The Final Nail in the Coffin

Well, there it is … that’s the final nail in the coffin. The cherry on top of the Blue Jays utterly horrible season was watching the Boston Red Sox clinch a World Series title at Fenway Park.

The team that finished dead last in the AL East just one year ago completely turned their fate around and became the best team in baseball in 2013. Meanwhile, the Blue Jays were left out on the outside looking in.

It was as if the Boston Red Sox rid themselves of their bad juju, mojo or whatever you want to call it, and it was inherited by the Toronto Blue Jays this season. A team that seemed to be a mess from the inside out magically transformed in the offseason and ultimately found a way to win.


Ordinarily, most Blue Jays fans wouldn’t really care who wins the World Series if it couldn’t be their favourite team. But this year’s World Series had a much different feel for the Blue Jays fanbase for a multitude of reasons.

First and foremost, the whole John Farrell thing. He abandons the Blue Jays and sets off for his dream job in Boston and subsequently wins a championship. That’s a tough pill to swallow for anybody, but let’s be honest … Farrell didn’t will the Red Sox to win the World Series, the players did.

This isn’t just a bitter Jays fan speaking here, but when a front office assembles a championship-calibre roster, the manager himself has very little impact on a team’s win-loss record.

As a contrast, if John Farrell doesn’t leverage himself into a spot with the Red Sox this season and stays with the Blue Jays, there’s very little he could’ve done to prevent the mess that transpired in Toronto in 2013.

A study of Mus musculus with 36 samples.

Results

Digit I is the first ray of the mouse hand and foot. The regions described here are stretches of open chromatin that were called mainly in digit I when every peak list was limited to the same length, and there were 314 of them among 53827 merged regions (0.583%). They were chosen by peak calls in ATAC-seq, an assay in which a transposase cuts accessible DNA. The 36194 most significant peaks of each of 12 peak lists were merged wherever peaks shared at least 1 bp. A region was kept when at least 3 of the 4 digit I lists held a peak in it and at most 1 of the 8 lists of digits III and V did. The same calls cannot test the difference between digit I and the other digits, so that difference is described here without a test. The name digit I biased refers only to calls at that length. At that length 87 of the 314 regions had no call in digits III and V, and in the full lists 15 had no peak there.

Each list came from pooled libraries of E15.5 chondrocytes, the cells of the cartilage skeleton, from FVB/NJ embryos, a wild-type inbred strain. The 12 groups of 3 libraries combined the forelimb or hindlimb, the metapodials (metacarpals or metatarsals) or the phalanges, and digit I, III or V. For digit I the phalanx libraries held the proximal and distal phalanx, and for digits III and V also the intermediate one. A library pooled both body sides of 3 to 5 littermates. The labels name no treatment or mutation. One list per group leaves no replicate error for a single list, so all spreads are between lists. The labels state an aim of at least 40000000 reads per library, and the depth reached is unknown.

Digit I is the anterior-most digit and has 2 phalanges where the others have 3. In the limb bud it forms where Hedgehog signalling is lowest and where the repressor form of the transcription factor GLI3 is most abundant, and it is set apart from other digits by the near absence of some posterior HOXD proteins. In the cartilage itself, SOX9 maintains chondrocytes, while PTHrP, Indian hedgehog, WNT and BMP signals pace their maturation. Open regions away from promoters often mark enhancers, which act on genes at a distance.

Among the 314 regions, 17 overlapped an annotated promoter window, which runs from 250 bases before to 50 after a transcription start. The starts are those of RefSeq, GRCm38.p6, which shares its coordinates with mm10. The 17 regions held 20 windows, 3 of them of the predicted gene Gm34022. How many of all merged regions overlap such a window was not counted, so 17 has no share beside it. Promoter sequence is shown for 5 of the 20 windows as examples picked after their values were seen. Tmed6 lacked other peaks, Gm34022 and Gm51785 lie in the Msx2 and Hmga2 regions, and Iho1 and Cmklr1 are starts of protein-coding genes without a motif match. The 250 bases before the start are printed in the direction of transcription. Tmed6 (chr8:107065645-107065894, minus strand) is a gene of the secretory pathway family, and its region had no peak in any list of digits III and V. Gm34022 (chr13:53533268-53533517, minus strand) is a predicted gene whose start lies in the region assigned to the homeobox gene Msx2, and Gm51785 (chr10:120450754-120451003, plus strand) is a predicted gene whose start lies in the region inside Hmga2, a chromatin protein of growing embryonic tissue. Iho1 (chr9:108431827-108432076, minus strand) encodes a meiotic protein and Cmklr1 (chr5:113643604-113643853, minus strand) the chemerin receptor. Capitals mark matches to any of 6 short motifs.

Secondly, I think the other main reason why watching the Red Sox win the World Series was tough for Blue Jays fans is because it was supposed to be the Blue Jays’ year and not the Red Sox’s.   

Toronto was pegged as the team to beat, and in fact they were the team that the American League East beat up on. And as the Tao of Stieb so eloquently put it, the Red Sox winning the World Series was the final straw in what was a forgettable season for the Blue Jays.

As I watched the Boston Red Sox progress throughout the playoffs, I found myself experiencing a gamut of emotions. At first, it was sheer anger that the team managed by John Farrell was in the playoffs.

On numerous occasions, like a senile old man I muttered obscenities at the television whenever Boston was performing well. It was at that very moment I realized my latent disappointment towards the Blue Jays had suddenly manifested itself into sheer anger towards the Red Sox.

Some of you might be able to relate here, but I found myself resenting the Red Sox when in fact I should have been directing my anger to how poorly the Blue Jays performed this season.


Or going back even further, I should not have had disdain towards John Farrell for wanting to manage the Boston Red Sox. The onus should have been on the Toronto Blue Jays office to recognize their manager was being recruited by the Red Sox right under their very noses.

The instant Alex Anthopoulos had an inkling the entire John Farrell situation had the potential to go sideways, he should have addressed it right then and there instead of imposing a “no lateral moves” club policy.

So I suppose if there’s one takeaway from the combination of the Red Sox winning the World Series and the Blue Jays not winning it, it’s that moving on and letting go can be somewhat cathartic.

Harbouring feelings of anger aren’t going to help the Blue Jays win in 2014. Dwelling on the disappointing results of the past season won’t make things seem any better moving forward.

I guess all one can do is hope things will be better next year.

Image courtesy of Yahoo Sports


Ian Hunter

Ian has been writing about the Toronto Blue Jays since 2007. He enjoyed the tail-end of the Roy Halladay era and vividly remembers the Alex Rodriguez "mine" incident. He'll also retell the story of Game 5 of the 2015 ALDS to his kids for the next 20 years.